Since rolling out its first advertiser product in April 2010, Twitter has found particular success in the automotive sector, and hopes to extend that appeal to retail marketers next.
Speaking with ClickZ News this week, Twitter’s Chief Revenue Officer Adam Bain, said 12 percent of its revenues came solely from auto marketers during the first three months of the year, thanks in part to strong growth in that industry, as well as the popularity of Twitter’s newer paid placements, such as its Promoted Accounts offering.
“Promoted accounts are one of the best hidden secrets of the platform. Unlike trends, they’re based on targeting. If the marketer understands the value of a certain type of customer, they can bid really effectively,” Bain said. “Each marketer knows how much a follower is worth to them, and once they’ve acquired that follower, brands can keep marketing to them,” he continued, adding that between 20 and 40 percent of Twitter users follow at least one brand.
Promoted accounts are currently sold on an auction-based model, with advertisers paying on a cost-per-follower basis to target certain keywords linked with data from users’ accounts, such as who they follow. Automotive advertisers have been paying as much as $70 per follower, though the average price ranges from $10 to $40 for that vertical, Bain revealed. The overall average for all advertisers is lower still, however, at under $10.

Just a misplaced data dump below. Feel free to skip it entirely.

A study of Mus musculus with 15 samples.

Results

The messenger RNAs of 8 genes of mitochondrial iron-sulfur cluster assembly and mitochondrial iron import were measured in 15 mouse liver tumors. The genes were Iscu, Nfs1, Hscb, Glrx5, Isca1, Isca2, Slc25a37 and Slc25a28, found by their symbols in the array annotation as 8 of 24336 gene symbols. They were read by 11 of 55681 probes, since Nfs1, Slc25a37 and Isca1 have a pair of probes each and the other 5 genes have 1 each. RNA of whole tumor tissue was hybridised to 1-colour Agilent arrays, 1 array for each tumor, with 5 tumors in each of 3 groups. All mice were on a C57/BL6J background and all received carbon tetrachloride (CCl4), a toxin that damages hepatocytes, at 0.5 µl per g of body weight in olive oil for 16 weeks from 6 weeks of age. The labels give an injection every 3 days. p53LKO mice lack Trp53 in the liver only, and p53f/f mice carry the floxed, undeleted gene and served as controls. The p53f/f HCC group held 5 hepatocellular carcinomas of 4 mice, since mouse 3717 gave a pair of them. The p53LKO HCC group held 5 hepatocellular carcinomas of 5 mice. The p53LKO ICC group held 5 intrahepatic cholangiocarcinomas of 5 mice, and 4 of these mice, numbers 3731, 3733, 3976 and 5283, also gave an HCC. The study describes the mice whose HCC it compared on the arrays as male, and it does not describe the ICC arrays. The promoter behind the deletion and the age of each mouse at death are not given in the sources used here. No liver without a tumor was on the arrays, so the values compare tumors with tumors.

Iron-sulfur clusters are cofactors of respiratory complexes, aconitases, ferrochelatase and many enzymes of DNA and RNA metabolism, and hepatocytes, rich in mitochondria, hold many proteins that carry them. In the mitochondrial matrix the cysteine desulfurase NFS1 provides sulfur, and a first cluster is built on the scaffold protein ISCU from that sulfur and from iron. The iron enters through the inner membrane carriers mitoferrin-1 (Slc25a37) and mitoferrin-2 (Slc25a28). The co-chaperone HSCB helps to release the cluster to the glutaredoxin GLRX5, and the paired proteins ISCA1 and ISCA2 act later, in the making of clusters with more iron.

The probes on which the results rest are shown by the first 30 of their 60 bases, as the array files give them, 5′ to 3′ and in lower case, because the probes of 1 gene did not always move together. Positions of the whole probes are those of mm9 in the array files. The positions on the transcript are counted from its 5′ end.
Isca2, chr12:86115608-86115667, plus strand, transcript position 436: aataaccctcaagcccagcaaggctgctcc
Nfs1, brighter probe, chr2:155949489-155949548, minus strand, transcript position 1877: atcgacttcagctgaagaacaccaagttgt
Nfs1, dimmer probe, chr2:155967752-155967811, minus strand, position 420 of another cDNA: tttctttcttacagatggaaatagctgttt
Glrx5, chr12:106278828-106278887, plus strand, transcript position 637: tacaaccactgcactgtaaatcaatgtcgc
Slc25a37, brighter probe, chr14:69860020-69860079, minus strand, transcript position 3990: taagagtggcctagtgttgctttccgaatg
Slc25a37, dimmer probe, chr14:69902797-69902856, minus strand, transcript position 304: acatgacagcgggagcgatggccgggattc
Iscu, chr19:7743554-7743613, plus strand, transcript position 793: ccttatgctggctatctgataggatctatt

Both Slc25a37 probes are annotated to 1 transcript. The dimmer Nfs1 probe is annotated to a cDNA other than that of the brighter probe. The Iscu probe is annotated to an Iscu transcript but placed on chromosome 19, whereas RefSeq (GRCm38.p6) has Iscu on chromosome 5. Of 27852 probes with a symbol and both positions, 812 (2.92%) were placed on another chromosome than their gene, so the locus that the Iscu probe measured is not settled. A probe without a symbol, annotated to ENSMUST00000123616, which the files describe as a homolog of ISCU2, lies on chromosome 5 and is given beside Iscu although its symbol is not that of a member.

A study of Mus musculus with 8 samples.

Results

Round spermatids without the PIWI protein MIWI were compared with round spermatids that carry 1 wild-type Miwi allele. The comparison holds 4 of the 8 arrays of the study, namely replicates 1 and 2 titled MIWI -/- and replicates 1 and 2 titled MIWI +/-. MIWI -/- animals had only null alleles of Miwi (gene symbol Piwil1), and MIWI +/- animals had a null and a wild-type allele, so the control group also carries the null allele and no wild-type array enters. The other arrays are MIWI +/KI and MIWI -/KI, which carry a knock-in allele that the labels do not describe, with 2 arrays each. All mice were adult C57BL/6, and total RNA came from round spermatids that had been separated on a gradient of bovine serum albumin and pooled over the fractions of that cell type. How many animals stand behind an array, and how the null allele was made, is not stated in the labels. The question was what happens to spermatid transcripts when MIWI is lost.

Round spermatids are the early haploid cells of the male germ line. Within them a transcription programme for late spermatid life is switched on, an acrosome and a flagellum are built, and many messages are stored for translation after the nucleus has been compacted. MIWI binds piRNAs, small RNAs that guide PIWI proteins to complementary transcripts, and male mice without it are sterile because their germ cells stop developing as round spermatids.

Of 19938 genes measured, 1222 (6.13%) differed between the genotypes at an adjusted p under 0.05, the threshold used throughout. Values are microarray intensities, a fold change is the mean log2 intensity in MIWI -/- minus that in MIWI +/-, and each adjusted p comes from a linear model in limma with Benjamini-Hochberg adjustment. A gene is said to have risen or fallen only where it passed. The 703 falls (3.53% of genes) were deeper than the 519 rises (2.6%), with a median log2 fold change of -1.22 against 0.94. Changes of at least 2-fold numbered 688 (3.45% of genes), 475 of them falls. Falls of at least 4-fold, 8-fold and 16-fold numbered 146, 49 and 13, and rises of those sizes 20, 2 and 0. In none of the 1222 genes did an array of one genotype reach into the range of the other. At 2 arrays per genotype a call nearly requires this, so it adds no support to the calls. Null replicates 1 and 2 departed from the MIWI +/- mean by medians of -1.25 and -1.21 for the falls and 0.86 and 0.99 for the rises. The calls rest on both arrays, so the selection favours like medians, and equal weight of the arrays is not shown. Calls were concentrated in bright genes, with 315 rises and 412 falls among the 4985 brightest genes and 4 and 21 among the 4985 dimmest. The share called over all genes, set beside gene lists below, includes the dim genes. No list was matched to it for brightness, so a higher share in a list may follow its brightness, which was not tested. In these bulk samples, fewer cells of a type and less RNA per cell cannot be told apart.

Perhaps as a result of the success of promoted accounts, Twitter has recently tweaked the design of its website, shifting those placements further up the page above the trending topics list. As Bain explained there are only 365 days in the year for promoted trending topics, but numerous brands can run campaigns simultaneously as promoted accounts.
Besides the automotive sector, Twitter’s ad products are also seeing strength in “other areas you wouldn’t expect,” Bain continued, highlighting the finance category as an example, as well as the entertainment space as a more obvious candidate.
From both a sales and product perspective, though, Bain stressed that the company is wary of entering new areas blindly, and that it’s currently “moving strategically” into new categories. It’s currently refusing to accept ads from political advertisers, for example, but is focusing more of its efforts on the retail space.
“There are some things we want to do to really make ourselves more valuable to retailers,” Bain said, highlighting the need for the company’s ad products to better demonstrate and track conversions. “We started by saying we would show engagement… but one of the things we want to do now is to connect the dots better on the conversion side,” he added.
That strategy appears to be working, judging by the company’s advertiser retention rates. Bain said 80 percent of its clients to date are repeat customers, perhaps evidencing the appeal of the company’s ad offerings and pricing models.
Recent advertisers in the automotive category have included Nissan, Volkswagen, and Mercedes.